Wednesday, October 7, 2009

a question one emergent doesn't like

Coming up soon--emergents start having questioners screened to make sure they ask questions only emergents want to answer, so they don't have to sound like abject wafflers.

btw ht http://christianresearchnetwork.com/?p=13569

One day I hope to believe in God…

Bear in mind, Rollins is a pastor (or at least plays one on the internet).

The first question that William asked was, ‘do you believe in God’?


Yeah, such a plain, straight-forward question. In fact, one a pastor who is suppose to Christian should be able to answer with conviction in the affirmative. Heck, one would expect a dyed-in-the-wool atheist to answere it with conviction in the negative. I may disagree with such an atheist, but at leat the honesty would be respected.

But for Rollins, the question becomes...difficult, through no fault of the questioner.

The first thing to notice however is that the question itself rests on the idea that we all have a shared understanding of what belief is and what we mean by the word ‘God’. And, of course, in our cultural context most of us do have a shared understanding of these terms. If we use Saussure’s linguistic theory of the sign we can begin to isolate what that shared understanding is. For Saussure a linguistic sign is composed of a signifier (sound/word) and a signified (a concept that the word brings to mind). Using this idea the question basically can be broken down as such,


I'll let you check out the "as such". I just want to show you the types of hoops and loops he twists himself in to try to avoid the question.

Rather tell, though, is this statement, from a paragraph or two later.

If I was asked this question in the university I would be happy to discuss it, but being asked it in ikon is problematic as it might suggest to people that ones answer to this question is somehow important to the life of faith. To me it is as relevant in the setting of ikon as the question, ‘do you believe in string theory’.


So, to him, the question of his own belief or disbelief in God is not important to his life of faith? The question of any person's belief or disbelief in God is not important to their life of faith?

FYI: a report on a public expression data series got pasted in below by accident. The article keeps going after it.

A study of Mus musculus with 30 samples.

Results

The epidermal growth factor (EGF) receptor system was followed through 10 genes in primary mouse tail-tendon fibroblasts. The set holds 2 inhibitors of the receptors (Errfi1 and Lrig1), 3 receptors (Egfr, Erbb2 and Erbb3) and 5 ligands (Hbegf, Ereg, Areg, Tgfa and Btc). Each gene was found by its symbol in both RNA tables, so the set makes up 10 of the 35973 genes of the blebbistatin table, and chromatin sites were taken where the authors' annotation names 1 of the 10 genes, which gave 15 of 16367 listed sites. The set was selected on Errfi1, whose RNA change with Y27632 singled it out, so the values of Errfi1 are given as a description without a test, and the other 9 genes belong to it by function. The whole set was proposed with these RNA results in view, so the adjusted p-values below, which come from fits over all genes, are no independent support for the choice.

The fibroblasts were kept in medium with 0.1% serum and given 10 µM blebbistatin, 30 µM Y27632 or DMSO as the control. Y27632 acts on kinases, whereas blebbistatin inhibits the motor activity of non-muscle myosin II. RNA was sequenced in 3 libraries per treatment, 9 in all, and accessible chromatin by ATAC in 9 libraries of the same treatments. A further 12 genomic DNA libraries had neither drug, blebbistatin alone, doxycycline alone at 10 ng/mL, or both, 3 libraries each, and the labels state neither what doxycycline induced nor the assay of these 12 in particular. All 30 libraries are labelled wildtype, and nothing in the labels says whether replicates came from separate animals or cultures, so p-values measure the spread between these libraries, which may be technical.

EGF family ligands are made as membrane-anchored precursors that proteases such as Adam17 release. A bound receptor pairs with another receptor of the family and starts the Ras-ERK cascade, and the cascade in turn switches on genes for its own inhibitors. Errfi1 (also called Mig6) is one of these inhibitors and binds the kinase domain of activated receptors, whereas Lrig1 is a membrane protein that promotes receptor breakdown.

On may think that is what he's saying, by this statement later on...

So the question remains… as a Christian, do I believe in God? Well, while I am drawn to the idea that there is a Supreme Being I must confess that I don’t believe in God, at least most of the time.


One could certainly say that verbal shenanigans are going on in his "answer". For example, his attempts to redefine God.

The ideas that God should be described as love and that belief in God is intimately connected to how we treat our neighbor are, of course, deeply heretical and one must be wary of even suggesting them.


I've already dealt with someone else, Steve Chalke, trying to make the love of God the big thing with God while leaving out all the other things God tells us about Himself in the Bible. It's at this link...

come on, at least do a bit of research

And his attempt is make it seem as if how we treat other people is somehow only something a waffler like himself sees as important is laughable. As someone who has been for years in fundamentalist and evangelical churches, I know the ideas of "walking the walk" and "living like you believe" are very much a part of what they teach.

Rollins is a poser. That's all he is, that's all he has.

1 comment:

Makarios said...

When it comes to the question, Is God real? It all depends on what the definition of the word Is, is.